After a significant price drop and after hanging out on the market for months, the penthouse inside the Clocktower finally sold. According to Socket Site, the South Beach pad nabbed $4.85 million.
A nice chunk of change, but far from the original asking price in 2016 of $8.5 million. After slimming down to $6.25 million in 2017, then $4.99 million last month, it finally found a buy who threw down a figure roughly $140,000 shy of the asking price.
Time marches on at the historic Clocktower Building at 461 Second Street, where the knockout penthouse returns to the market, now asking $6 million, or $2.5 million less than it did in 2016.
It’s still the same package it was three years ago, featuring two bedrooms, two bathrooms, and some 3,000 square feet adorned with concrete flooring, original bricks, and wraparound deck. There’s even a game room with a Dirty Harry pinball machine—if that doesn’t make your day then what will?
Most noteworthy is the clocktower room with a working mechanical parts that operate the four large clocks adorning the tower’s exterior.
Realtors Rob Levy and Eric Turner call the new listing a “once in a lifetime opportunity,” although technically this is now twice in a lifetime, or thrice for those who were around for its last sale in 1993 for a mere $710,000—less than $1.28 million in modern currency.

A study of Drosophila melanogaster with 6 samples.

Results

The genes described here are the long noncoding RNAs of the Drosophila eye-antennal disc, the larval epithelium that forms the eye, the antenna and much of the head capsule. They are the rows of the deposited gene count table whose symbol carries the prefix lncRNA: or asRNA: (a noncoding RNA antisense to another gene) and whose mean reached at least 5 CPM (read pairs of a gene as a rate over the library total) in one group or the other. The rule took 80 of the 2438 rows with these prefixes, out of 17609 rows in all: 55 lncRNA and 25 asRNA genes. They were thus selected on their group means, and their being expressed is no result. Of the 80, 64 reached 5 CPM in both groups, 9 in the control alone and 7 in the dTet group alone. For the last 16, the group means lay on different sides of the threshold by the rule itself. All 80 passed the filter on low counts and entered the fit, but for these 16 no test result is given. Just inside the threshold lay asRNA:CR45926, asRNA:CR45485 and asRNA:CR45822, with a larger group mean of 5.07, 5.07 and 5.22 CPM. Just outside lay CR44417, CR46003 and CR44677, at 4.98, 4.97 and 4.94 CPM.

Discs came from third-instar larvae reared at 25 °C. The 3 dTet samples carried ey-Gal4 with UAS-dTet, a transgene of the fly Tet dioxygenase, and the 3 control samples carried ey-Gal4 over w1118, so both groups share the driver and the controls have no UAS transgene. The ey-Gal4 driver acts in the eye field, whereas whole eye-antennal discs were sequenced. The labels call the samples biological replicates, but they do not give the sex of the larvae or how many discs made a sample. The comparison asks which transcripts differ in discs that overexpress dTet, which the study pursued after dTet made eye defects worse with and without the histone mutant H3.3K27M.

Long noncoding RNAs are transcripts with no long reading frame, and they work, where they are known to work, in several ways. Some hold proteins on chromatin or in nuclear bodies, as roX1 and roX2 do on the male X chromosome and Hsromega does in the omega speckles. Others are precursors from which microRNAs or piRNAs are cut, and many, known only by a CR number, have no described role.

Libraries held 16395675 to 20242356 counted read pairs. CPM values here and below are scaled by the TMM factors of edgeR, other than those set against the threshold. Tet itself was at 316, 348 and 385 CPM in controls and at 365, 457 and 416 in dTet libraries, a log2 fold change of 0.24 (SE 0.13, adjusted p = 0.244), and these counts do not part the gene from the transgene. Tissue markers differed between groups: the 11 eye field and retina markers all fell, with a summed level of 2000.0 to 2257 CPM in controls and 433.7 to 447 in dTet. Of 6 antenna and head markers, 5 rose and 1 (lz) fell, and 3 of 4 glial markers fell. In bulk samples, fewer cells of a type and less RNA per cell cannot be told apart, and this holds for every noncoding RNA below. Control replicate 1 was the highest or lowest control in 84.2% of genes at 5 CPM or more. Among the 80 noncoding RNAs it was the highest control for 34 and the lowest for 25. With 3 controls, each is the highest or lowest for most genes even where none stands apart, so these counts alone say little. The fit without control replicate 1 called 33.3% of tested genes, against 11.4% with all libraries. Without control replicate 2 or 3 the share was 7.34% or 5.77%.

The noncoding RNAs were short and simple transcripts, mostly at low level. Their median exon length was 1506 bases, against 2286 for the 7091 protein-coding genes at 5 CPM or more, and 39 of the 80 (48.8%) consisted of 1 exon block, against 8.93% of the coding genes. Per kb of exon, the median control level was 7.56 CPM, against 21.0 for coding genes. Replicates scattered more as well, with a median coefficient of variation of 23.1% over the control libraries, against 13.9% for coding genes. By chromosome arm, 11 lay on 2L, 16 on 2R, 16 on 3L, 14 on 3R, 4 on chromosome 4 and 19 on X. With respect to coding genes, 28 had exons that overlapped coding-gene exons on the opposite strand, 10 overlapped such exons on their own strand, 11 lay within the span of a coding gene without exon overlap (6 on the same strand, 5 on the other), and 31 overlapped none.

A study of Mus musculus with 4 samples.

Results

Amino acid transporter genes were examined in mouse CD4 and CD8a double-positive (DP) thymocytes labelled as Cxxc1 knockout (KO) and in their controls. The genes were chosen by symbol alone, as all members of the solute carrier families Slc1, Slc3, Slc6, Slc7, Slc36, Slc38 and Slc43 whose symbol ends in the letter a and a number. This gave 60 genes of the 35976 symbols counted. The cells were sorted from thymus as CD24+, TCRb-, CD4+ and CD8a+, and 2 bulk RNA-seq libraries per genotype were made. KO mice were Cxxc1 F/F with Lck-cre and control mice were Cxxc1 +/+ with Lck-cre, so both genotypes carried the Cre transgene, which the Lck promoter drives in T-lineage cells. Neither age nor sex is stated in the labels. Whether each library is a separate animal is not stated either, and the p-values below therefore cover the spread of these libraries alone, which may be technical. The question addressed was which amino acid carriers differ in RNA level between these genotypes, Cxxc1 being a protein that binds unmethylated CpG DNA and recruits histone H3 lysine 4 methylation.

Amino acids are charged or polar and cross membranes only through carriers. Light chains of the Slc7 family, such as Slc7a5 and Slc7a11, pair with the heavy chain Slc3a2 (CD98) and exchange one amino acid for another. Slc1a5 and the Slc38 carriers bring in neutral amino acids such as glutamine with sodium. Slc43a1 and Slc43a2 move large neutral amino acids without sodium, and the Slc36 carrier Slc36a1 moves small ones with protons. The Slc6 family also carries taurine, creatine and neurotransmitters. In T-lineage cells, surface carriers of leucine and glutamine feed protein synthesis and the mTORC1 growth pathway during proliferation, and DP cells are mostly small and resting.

The circa 1907 building started as the headquarters of the Schmidt Lithograph Corporation; what’s now the penthouse originally served as a tower-top workspace that allowed printers more direct sunlight to work with.
After narrowly escaping demolition by the city in the 1930s, architect David Baker redesigned the building in 1992 as 127 premium condos, with the tower penthouse itself a crowning masterpiece on top of the whole thing.
It seemed the time was right in 2016 to cash out the residence, with the market as hot as it’s ever been and the clocktower loft being a truly one-of-a-kind asset.
But time proved a harsh mistress, as a series of price cuts followed one after another without a sale.
It was down to $6.25 minion by mid-2018 and then dropped away completely, finally rolling back around again earlier this month with a new, even lower target price.